Hands-on learning at the Flagstaff Eco-Ranch
By: Makenna Lepowsky
It is almost spring and budding plants are sprouting from the soil. With the first sign of spring, local farmers can begin to replace snow shovels with rakes and bags of soil. For the Flagstaff Ecoranch, springtime signals the time to put down the first layer of dirt in the garden bed. Seeds of sage, elderberry other plants are then packed away in cool, damp soil to begin harvest.
Jeff Meilander is the founder of the Flagstaff Ecoranch. His devotion to nature and agriculture has led him to travel around the globe to study eco-diverse regions such as South America, the Czech Republic, Patagonia and Chile. Creating the Ecoranch has allowed Meilander to successfully integrate his experience, passion and knowledge of agriculture into an educational program.
Much preparation is still needed in the coming months, and the Ecoranch encourages all the help they can get. The ranch offers an internship through Northern Arizona University (NAU) for anyone interested in earth sciences and agriculture.
A student can also intern at the Ecoranch to complete a capstone: a multifaceted course, which can serve as an experiential practice to prepare a student for his or her career.
“We do a lot of programs where volunteers come out and we get them involved with the projects we’re doing,” said Meilander. “When we work with interns or capstone students rather than being like, ‘hey here you go intern write up some papers and answer emails and do these monotonous chores that we don’t want to do,’ instead we say, ‘let’s collaborate and let’s find out what your interests are what your passions are and let’s figure out what we need in our development and align those things together.’”
Farm work and curriculum vary. In the spring and summer, interns often work outside and can learn to manage plant harvest, bee hives, livestock or composting. Workers may also forage for herbs to make into honey and other cultivations.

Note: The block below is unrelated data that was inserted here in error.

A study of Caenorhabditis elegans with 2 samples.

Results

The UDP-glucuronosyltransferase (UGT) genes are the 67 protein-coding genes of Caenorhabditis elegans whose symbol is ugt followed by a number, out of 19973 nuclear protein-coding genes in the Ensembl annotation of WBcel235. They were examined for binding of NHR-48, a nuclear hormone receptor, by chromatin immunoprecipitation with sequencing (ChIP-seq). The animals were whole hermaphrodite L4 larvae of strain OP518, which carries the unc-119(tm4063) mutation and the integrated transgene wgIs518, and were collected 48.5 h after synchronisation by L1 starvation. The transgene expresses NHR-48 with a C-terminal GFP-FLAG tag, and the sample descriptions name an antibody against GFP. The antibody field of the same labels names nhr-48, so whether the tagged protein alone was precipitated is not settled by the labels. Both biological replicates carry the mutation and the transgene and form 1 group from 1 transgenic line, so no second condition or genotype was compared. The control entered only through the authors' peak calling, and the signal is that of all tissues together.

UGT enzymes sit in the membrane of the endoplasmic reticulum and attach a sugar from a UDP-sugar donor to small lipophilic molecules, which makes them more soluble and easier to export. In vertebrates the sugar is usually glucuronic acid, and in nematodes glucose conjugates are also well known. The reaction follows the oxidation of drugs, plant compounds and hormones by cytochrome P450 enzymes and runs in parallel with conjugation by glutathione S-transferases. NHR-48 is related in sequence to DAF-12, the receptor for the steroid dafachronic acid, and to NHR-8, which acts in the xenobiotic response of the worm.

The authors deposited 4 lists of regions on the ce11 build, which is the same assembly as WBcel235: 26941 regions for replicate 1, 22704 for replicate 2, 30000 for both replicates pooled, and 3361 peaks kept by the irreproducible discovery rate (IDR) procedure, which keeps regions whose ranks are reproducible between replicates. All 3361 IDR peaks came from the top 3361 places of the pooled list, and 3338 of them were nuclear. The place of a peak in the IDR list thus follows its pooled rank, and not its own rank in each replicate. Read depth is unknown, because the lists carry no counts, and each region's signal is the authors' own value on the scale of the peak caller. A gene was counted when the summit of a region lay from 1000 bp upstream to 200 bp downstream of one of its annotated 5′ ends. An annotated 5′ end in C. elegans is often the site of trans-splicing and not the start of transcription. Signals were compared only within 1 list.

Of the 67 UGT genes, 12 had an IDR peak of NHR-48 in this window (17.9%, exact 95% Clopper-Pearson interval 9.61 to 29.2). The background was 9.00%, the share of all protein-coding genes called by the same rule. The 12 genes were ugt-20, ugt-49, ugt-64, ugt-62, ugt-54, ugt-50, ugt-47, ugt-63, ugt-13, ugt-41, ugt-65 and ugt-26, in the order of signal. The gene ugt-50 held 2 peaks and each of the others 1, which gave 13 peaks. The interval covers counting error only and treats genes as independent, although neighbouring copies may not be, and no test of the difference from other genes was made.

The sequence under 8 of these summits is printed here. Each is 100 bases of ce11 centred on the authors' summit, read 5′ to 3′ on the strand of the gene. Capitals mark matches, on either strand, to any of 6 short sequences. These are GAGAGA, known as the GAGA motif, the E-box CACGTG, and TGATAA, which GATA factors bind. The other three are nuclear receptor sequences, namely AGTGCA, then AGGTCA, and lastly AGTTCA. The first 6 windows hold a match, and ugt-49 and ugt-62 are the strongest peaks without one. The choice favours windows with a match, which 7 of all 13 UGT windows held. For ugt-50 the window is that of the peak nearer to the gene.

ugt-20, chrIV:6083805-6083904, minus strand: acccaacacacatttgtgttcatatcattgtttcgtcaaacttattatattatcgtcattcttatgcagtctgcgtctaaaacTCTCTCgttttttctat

In the fall or winter, work is focused towards property management, such as water efficiency, waste reduction, rebuilding ranch infrastructure, insulating chicken coops, building raised garden beds and more.
John Christ is an NAU alumni who previously interned at the Ecoranch. Christ accredits much of his abilities to the formative and hands on internship he had at the Ecoranch.
“When I got out to the Ecoranch, I was doing a fall internship so it was a little different in the sense that I wasn’t necessarily managing plants …,” said Christ. “I took care of common ranch tasks like building gates and fences, securing places where certain chickens could get out and predators couldn’t get in. I specifically took care of insulating the chicken coop to increase egg production … so that was a really hands on experience being inside the chicken coop, pretty much just making it that much more of a livable space for the livestock.”
Christ notes that the hands-on experience one can get when working at the Ecoranch is crucial for a career in agriculture.
“I think it paramount. I mean you can sit in front of the textbook all you want but until you get out in the field you don’t really realize the intricacies of everything,” Christ said. “It’s a per-site basis [farming] and it’s extremely experiential … If you’re going to be in this industry, you got to be in the field.”
The Ecoranch is one man’s passion developed into a place of learning. As spring approaches, the approximate 1.6-acre land that makes up the Ecoranch will begin to prosper, as will the Ecoranch interns as they learn about sustainable agriculture.